Is “Celebrity Rehab” a Death Game for Addicted Stars?

Last modified: July 24, 2014 01:57:15 AM

You have to fight for everyone of these people to make it and not all of them will. But if you don’t fight for them and they don’t fight for themselves, they definitely won’t make it.’

Reality TV has come under a lot of fire lately, with critics calling the genre vacuous, superficial, and an engine to promote narcissism.  Others say the format is fake, scripted and that it sensationalizes the boring lives of D-list celebrities, interrupts the lives of regular people, and basically does not perform any service of use other than fluffy entertainment for the masses.

One show that has been demonized somewhat in the press is “Celebrity Rehab with Dr. Drew”, a reality show which follows the lives of addicted celebrities.  The actors, singers, and musicians who take part in this show,  get paid to be there, and many accuse the stars of using the addiction premise to get more publicity and perhaps more work.  It was rumored that more than one star on the show was booted out of the program because it was clear she had no substance abuse problems or addictions whatsoever; they were merely seeking notoriety or fame.

Some say the program profits from the misery of the celebrities, and that the audience is only watching because they love to see the downfall of someone who used to be famous.  There are doctors and experts in the drug rehabilitation field who claim that “Celebrity Rehab” can only do damage to the stars who appear on the show for treatment;  with cameras following them around, the cannot focus on getting better and perhaps focus more on a performance, ultimately leading to failure, relapse, and very sadly, death.

Four celebrities who appeared on various seasons of Celebrity Rehab have died after trying to beat the demon of addiction:  Jeff Conaway passed away at 60 years of age after battling an opioid medication habit, Rodney King, 47 died after a relapse where he mixed alcohol and marijuana, Alice in Chains bassist Mike Starr, 44, died of a prescription overdose, and reality star Joey Kovar died age 29 on August 17 of this year.  Toxicology reports are still pending.  Critics state that the deaths prove that when cameras are involved, rehab is hopeless.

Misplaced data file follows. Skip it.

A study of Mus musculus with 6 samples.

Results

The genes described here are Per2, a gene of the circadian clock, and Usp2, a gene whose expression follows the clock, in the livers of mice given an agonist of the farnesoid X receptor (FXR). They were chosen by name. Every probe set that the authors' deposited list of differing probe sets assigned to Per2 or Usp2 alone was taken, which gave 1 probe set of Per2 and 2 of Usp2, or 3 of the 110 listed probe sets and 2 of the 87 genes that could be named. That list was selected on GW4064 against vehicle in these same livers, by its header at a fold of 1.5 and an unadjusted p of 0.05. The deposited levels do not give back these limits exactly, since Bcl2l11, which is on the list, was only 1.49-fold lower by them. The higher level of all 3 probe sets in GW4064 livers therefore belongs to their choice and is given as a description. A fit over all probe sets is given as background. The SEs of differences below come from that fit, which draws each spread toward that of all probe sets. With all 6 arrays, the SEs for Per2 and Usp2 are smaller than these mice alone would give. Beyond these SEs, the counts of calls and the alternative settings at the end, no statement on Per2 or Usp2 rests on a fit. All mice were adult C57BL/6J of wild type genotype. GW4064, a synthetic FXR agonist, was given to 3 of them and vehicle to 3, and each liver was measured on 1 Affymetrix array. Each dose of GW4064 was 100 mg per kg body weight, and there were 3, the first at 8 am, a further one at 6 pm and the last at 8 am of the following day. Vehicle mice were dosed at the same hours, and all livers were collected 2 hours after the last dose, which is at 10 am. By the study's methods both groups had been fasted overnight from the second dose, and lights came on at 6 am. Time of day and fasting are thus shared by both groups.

Bob Forrest, a counselor on the program and former addict himself, spoke to the media about the tragic deaths of the four men.

“It’s not hopeless, but it’s just really hard; it’s hard to stay sober because there’s so much accessibility and life is so difficult for addicts to live. Every addict that gets sober is a miracle. Rodney was the biggest shock to me. He had been sober a year and a half, and I knew he had relapsed but, still, when he died, I was just like, ‘Oh my God.’”

“Not all of them make it,” said Jeff Olde, VH1 Executive Vice President of Original Programming and producer on the show.  “Not all of them stay sober and that is an absolute reality of people dealing with addiction. I’ve learned a lot personally about how the process works. The show does a real service by showing what the journey is like, how difficult it is, and how fragile it is.”

“Like Dr. Drew says, ‘You have to fight for every one of these people to make it and not all of them will. But if you don’t fight for them and they don’t fight for themselves, they definitely won’t make it.’”

Fans of the show claim that the show isn’t about being voyeuristic and enjoying the misery of downtrodden celebrities; they claim the show educates the public about the horrors of addiction and that the viewers become much more sympathetic, compassionate, and understanding towards those who need it the most.   The show has had successes with Tim Sizemore and other celebrities; and furthermore it shows that when people want to get better, they will never quit trying to quit.